Trump aide: Cruz using 'Gestapo tactics' in delegate hunt

(CNN)Donald Trump's newly minted convention manager on Sunday accused Republican presidential rival Ted Cruz's campaign of "Gestapo tactics" and of "not playing by the rules" in its efforts to wrangle the support of Republican delegates.

Paul Manafort, a veteran Republican operative who managed the convention efforts of several successful presidential campaigns, was tasked earlier this week by Trump with directing the campaign's new delegate-focused campaign strategy.
Manafort said the Trump campaign's strategy won't involve threatening delegates, but accused Cruz of employing those tactics, which he referenced by alluding to the notorious Nazi Germany secret police force.
"He's threatening," Manafort said of Cruz on NBC's "Meet the Press." "You go to these county conventions, and you see the tactics, Gestapo tactics, the scorched-earth tactics."
    Trump on Sunday tweeted, "I win a state in votes and then get non-representative delegates because they are offered all sorts of goodies by Cruz campaign. Bad system!"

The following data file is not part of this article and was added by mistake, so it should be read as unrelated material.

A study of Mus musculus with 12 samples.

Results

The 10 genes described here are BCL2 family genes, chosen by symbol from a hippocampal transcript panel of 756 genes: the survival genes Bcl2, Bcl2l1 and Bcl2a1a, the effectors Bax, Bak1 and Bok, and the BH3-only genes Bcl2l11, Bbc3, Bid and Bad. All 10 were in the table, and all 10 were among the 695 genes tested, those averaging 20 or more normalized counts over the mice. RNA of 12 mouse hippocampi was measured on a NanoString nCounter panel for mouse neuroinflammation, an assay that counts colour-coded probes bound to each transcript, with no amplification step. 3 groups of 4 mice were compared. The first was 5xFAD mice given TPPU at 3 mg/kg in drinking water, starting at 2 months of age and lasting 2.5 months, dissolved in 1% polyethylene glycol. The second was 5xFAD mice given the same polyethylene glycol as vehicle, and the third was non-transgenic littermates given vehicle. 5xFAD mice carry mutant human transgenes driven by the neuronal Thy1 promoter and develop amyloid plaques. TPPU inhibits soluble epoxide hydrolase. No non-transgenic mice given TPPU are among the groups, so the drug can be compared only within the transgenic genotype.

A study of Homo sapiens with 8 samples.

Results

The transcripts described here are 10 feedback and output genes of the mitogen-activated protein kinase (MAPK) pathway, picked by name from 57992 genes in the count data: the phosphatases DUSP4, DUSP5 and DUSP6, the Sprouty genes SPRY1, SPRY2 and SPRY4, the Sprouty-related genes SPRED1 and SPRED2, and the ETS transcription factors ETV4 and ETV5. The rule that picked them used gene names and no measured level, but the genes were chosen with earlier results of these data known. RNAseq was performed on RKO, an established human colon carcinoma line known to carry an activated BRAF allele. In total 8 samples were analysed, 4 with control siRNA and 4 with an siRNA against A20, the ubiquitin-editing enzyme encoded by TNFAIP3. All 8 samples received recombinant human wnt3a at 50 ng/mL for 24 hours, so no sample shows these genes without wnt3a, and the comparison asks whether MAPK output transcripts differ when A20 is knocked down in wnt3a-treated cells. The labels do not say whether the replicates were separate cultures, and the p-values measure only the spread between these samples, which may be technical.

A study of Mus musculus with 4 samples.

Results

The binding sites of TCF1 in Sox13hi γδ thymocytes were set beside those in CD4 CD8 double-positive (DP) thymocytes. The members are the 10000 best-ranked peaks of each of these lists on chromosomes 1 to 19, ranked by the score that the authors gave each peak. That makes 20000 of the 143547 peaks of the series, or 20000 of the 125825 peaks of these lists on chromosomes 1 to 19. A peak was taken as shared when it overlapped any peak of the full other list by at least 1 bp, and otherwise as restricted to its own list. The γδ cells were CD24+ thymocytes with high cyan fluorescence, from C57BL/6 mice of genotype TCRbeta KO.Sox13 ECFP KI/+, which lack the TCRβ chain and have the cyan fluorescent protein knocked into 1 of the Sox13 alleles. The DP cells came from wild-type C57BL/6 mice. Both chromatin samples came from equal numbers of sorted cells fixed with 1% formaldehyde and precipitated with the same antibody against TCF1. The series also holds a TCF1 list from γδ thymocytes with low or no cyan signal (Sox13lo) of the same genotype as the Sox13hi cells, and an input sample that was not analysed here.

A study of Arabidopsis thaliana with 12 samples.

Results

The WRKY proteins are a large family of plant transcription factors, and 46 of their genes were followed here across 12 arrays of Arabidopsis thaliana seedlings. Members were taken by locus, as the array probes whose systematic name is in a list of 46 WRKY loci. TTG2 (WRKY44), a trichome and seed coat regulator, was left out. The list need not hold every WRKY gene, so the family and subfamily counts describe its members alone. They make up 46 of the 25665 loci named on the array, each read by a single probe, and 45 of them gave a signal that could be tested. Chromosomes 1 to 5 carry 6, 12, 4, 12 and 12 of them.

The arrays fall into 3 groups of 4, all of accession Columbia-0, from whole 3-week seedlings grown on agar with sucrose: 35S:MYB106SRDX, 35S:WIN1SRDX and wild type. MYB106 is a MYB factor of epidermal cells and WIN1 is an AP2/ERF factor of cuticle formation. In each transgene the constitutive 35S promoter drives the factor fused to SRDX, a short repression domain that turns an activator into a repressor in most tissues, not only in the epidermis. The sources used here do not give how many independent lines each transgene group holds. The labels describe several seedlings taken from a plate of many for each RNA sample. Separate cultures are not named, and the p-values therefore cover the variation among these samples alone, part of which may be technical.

Cruz campaign spokeswoman Catherine Frazier dismissed the complaints as "sour grapes."
    "More sour grapes from Trump who continues to lash out in tantrums every time he loses. We are winning because we've put in the hard work to build a superior organization," she said.
    She added: "We have earned our success by working hard to build a superior organization and are working within the process and rules that have been established -- which has led now to four consecutive wins, 12 wins total."
    Manafort also conceded that while he believes Trump will have a clear "path" to clinching the Republican nomination by mid-May, the billionaire candidate will need to "go through June" and "wait 'til the process is done" to cross the 1,237-delegate threshold necessary to capture the nomination on the first ballot at the convention.
    Manafort also sought to downplay reports in the last week of a power struggle within the Trump campaign after Trump expanded Manafort's role and responsibilities shortly after hiring him and after Manafort said he reported "directly" to Trump -- and not to campaign manager Corey Lewandowski.
    "A lot of what's being talked about is much ado about nothing. Yes, there's a transition, it's a natural transition. Trump was doing very well on a model that made sense, but now, as the campaign has gotten to the end stages, a more traditional campaign has to take place," Manafort said.